By Jonathan Shorman
November 29, 2016
Gov. Sam Brownback said Tuesday he hasn’t been working with lawmakers as he develops his proposal to close a $350 million budget shortfall.
The governor also refused to say whether he will pursue securitization of tobacco settlement funds that pay for children’s programs as a way to snag a large, one-time cash infusion for the state.
“No, no. This is an internal budget development, and we’ll put it in front of the Legislature,” Brownback said when asked at a news conference whether lawmakers are involved in budget discussions.
A revenue forecast released this month saddled the state with a massive budget shortfall that Brownback and the Legislature must confront. The administration has said the governor will wait until January to put forward a proposal and won’t make cuts before then.
His decision not to act marks a departure from previous administrations. Past governors in the modern era who faced budget shortfalls after the November revenue forecast have taken action before the Legislature convened.
“We haven’t ruled anything in or out,” Brownback said. “We just started putting things together.”
Yet the Brownback administration over the past week has, in fact, been ruling out ways to address the shortfall. Spokeswoman Melika Willoughby said last week that the budget proposal would make furloughs and layoffs of state workers unnecessary. She also said the plan would make “significant cuts” unnecessary.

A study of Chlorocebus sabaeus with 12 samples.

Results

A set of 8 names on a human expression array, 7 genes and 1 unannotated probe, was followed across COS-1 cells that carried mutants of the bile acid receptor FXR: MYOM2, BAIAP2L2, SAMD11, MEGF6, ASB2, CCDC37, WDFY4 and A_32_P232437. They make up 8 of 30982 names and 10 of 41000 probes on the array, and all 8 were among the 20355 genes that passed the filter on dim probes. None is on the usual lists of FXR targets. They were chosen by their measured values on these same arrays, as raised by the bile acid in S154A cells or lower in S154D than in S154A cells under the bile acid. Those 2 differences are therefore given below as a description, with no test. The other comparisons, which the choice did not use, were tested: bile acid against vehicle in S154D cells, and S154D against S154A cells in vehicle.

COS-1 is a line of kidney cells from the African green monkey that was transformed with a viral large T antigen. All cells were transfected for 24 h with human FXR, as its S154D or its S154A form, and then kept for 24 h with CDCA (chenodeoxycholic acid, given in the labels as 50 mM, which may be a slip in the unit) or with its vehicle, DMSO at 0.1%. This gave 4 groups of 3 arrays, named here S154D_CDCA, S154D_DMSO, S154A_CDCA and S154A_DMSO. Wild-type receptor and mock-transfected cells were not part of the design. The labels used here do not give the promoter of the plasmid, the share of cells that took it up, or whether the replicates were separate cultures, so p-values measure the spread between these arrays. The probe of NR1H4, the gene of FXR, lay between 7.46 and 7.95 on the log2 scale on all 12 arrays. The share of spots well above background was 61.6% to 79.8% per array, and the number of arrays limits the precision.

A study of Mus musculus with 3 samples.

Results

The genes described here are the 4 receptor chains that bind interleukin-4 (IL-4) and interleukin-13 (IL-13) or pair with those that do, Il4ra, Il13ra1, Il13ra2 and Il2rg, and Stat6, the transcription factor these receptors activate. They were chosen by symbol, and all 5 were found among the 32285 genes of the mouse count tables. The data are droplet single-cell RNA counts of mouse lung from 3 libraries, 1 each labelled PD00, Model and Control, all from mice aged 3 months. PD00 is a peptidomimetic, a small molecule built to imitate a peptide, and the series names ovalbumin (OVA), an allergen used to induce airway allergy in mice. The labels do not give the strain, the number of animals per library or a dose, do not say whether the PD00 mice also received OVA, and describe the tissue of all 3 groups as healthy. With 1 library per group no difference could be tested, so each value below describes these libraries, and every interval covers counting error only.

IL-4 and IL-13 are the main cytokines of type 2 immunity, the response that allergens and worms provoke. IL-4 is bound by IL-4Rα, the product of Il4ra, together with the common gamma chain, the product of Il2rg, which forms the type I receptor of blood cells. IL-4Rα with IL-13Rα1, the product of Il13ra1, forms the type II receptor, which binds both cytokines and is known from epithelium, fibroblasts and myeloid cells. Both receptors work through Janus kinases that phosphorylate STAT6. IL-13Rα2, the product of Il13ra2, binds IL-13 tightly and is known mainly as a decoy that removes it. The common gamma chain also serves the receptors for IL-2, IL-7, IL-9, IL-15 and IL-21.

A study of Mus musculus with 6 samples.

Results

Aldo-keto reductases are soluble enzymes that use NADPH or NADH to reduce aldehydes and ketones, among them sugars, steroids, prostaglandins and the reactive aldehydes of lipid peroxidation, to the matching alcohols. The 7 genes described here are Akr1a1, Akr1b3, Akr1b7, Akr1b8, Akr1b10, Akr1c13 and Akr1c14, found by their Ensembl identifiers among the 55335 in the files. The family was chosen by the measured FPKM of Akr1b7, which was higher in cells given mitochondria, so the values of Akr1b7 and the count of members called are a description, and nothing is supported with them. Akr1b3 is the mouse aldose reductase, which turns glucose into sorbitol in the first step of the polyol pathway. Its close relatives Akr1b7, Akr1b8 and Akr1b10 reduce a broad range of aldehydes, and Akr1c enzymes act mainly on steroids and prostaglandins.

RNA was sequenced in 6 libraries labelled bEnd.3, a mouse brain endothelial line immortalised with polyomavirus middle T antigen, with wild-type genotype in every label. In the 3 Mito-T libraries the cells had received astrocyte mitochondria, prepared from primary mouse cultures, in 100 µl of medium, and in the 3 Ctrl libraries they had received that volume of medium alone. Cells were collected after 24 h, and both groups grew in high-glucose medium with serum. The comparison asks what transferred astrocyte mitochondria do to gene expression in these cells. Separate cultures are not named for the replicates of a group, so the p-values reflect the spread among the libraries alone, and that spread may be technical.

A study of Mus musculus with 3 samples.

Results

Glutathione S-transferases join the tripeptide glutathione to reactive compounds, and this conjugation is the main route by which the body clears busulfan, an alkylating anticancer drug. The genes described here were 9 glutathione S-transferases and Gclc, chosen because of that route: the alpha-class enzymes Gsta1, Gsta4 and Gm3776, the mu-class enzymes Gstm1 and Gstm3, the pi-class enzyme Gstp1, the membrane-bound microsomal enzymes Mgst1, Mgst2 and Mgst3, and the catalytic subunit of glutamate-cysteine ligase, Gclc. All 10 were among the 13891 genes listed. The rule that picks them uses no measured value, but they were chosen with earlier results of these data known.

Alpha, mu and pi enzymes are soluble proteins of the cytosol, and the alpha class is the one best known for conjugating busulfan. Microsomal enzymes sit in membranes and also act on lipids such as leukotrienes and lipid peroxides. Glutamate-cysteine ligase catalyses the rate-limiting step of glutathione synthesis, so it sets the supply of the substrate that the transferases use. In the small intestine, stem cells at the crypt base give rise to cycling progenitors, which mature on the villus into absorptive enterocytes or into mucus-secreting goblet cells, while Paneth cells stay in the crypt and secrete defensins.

Several hours after the news conference, Willoughby said that while Brownback is still in the decision-making process, the budget proposal won’t include layoffs, furloughs or major cuts. She said there are steps to building a balanced budget.
“It’s a genuine lack of leadership on his part,” said Senate Minority Leader Anthony Hensley, D-Topeka. “Not only legislators, but the people of Kansas, should be very concerned this governor is not leading at a time when our state is in desperate trouble financially, and it’s all on account of his failed tax policies that he’s led our state down a road of ruination.”
Brownback’s waiting has fueled speculation that the unpopular second-term governor hopes to secure a job in the administration of President-elect Donald Trump and would then resign. The governor brushed away a question about whether he has spoken with Trump or his transition team.
“I’ve said this a week or two ago — I’m making no comments about anything regarding the Trump administration,” Brownback said.
Some lawmakers, including Republicans, fear Brownback will attempt to securitize — essentially sell off — the state’s annual payments that come as part of its settlement with major tobacco companies. The state would receive a large amount of cash up front, perhaps as much as $400 million, but then receive far fewer settlement dollars in future.
Senate President Susan Wagle, R-Wichita, slammed the idea in a message to GOP senators last week.
“Trust me; there is talk of bullying the legislature into another one time fix,” Wagle wrote. “We could be asked to buy a bottle of rubber cement and patch-it with one time funds found under a mattress, or we could be pushed into a short sale of future receipts from the tobacco settlement to make ends meet.”
Annie McKay, CEO of Kansas Action for Children, predicts the administration will pursue securitization. In a statement Friday, she said no Kansas investment, including the Children’s Initiative Fund, had escaped the state’s self-inflicted budget crisis.
“It is unconscionable to intentionally create a crisis by waiting to address the budget shortfall that has grown larger as each month has passed,” McKay said. “The governor created this fiasco with a failed tax plan and he owes it to Kansans to be part of a solution that inflicts the least amount of harm.”
“Budgets can be made whole again once failed tax policy is fixed, but selling out little kids by permanently giving away the CIF can never be undone.”